A match-day stroll through Melbourne’s laneways on this warm January afternoon would be a strong wake-up call for the FFA’s big wigs.
Melbourne has long been looked down upon as a ‘second-rate’ footballing city due to a perceived fixation on the metropolis of Sydney from the Australian soccer elite. It's a prejudice that has always been the center of debate in a city that prides itself as the ‘Sporting Capital of the World’.
Today is a Socceroos game day, the beginning of the Asian Cup. The pubs and bars are blaring out the pre-match build up and decked out in patriotic green and gold flags to celebrate the occasion. There’s a buzz about town that’s building as fast as the storm clouds in the distance. It’s the first time in over three years that the national team has come to town and the chance to see them in action is not one to be missed.
A quick stroll along the banks of the Yarra River has you at the base of AAMI Park teeming with golden shirts. The line for the pre-match drink is forming around the corner whilst youngsters have packed the training park next door with makeshift scratch matches. The energy, matching the pre-game tunes, is high.
The past five years has seen football establish a new cult following in this city. The arrival of a second A-League club has led to the birth of Melbourne's very own Derby Day, which will easily sell out a fortnight in advance. On those days, traffic stops and roads close whilst Victory and City’s die-hards choose the middle of the street as their route of choice. Melbourne's youth, inspired by the atmospheres of European heavyweights, mimic such displays in their hometown and create an atmosphere no less thrilling.
The crowd slowly progresses into the stadium; a quick click through the turnstile presents an open view of a luscious green patch. Australia and Kuwait are going about their pre-game rituals, each individual player being presented to the crowd with a half-hearted cheer arising for every man in gold.
By the time we take our seat in the coverage of the river end, a chill has blown out the humid summer and a jumper is called upon — a regular necessity for any Melbourne football fan all year around.
Sitting to my left is an Italian family; to our right, an Iranian couple. It sounds like the beginning of a lousy joke, but it goes a ways toward illustrating the many cultures that have nurtured the game in Melbourne for so long. At a grassroots level, it was European immigrants who established their own teams over the years that now make up a local Premier League — one filled with a unique diversity and style that will forever be sown into the roots of the game in this city.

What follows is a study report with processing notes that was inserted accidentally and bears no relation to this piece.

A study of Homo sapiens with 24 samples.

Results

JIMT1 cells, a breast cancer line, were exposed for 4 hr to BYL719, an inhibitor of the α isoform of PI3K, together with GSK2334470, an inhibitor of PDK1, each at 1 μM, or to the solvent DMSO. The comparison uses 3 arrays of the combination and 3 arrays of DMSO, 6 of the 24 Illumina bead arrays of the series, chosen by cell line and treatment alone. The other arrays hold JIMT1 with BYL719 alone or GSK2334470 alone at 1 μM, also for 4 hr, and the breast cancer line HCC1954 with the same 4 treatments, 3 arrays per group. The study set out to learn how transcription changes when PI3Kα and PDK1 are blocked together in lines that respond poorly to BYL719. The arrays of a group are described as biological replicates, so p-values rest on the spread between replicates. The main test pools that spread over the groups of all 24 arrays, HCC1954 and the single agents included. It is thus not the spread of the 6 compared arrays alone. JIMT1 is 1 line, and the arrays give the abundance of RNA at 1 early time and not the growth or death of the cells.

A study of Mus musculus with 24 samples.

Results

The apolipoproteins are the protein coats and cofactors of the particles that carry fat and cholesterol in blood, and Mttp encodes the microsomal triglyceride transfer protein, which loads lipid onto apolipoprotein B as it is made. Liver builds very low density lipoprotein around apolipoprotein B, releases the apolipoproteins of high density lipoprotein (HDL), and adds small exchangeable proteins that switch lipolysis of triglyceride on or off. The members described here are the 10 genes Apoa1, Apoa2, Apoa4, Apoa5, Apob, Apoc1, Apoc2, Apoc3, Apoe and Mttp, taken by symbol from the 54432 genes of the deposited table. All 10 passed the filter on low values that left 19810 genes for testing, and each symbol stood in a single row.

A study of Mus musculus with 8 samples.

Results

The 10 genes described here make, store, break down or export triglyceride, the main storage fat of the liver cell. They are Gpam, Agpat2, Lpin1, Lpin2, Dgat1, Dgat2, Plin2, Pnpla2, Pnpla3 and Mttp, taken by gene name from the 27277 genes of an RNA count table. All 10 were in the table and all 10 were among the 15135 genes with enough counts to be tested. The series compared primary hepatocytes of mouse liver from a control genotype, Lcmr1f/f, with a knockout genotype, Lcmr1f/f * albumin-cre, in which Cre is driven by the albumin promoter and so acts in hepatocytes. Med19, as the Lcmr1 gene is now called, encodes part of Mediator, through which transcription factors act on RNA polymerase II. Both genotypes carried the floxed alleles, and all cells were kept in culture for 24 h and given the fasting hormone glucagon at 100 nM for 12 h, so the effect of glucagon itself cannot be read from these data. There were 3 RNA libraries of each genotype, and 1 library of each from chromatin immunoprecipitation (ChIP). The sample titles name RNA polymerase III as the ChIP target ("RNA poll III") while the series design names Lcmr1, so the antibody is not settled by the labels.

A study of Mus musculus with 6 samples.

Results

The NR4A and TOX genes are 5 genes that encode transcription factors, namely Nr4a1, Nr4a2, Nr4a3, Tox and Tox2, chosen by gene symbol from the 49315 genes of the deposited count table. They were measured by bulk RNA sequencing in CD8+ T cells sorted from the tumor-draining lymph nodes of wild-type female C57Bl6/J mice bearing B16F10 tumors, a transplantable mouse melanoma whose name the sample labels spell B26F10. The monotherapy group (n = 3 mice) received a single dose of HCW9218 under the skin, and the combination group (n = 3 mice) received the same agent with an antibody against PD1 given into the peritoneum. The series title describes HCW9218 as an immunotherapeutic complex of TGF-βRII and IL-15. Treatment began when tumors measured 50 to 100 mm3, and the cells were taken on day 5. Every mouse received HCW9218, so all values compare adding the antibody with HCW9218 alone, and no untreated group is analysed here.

Also a part of that mosaic is the dedicated fans who make their way down to the numerous pubs and sports bars in the early hours of a Sunday morning to catch a glimpse of their beloved Premier League outfit. As is the life of an Australian football enthusiast, living on the other side of the globe is a nightmare for kick-offs. However, week-in, week-out, these dedicated few make sure they uphold their match day rituals, even thousands of miles away. By the time morning has shown its first light, the night's action has filtered through to become a point of discussion in the Flinders Lanes cafes. Champions League mornings have people fixated upon a single iPhone, marveling at the class of Europe's best.
With kick-off moments away, there’s an atmosphere of nervous potential floating around the stadium. The expectations of a proud sporting nation rest firmly on a new, young generation of players trying to live up to the highs reached by the past decade of Socceroos. Similarly, the success of football culture in this city sits upon the shoulders of Australia’s youth. Capitalising on a vibrant grassroots scene, football has looked for a breath of fresh air through the schools, courts and parks of this city. Many of the stars of tomorrow are sitting here, in this stadium, today.
This is football in Melbourne.
This feature was written by Jacob Arnott, founder of The TURF, an online football journal viewing the beautiful game through an Australian lens. Follow them as they share their adventures in the amazing world of Asian and Oceanian football.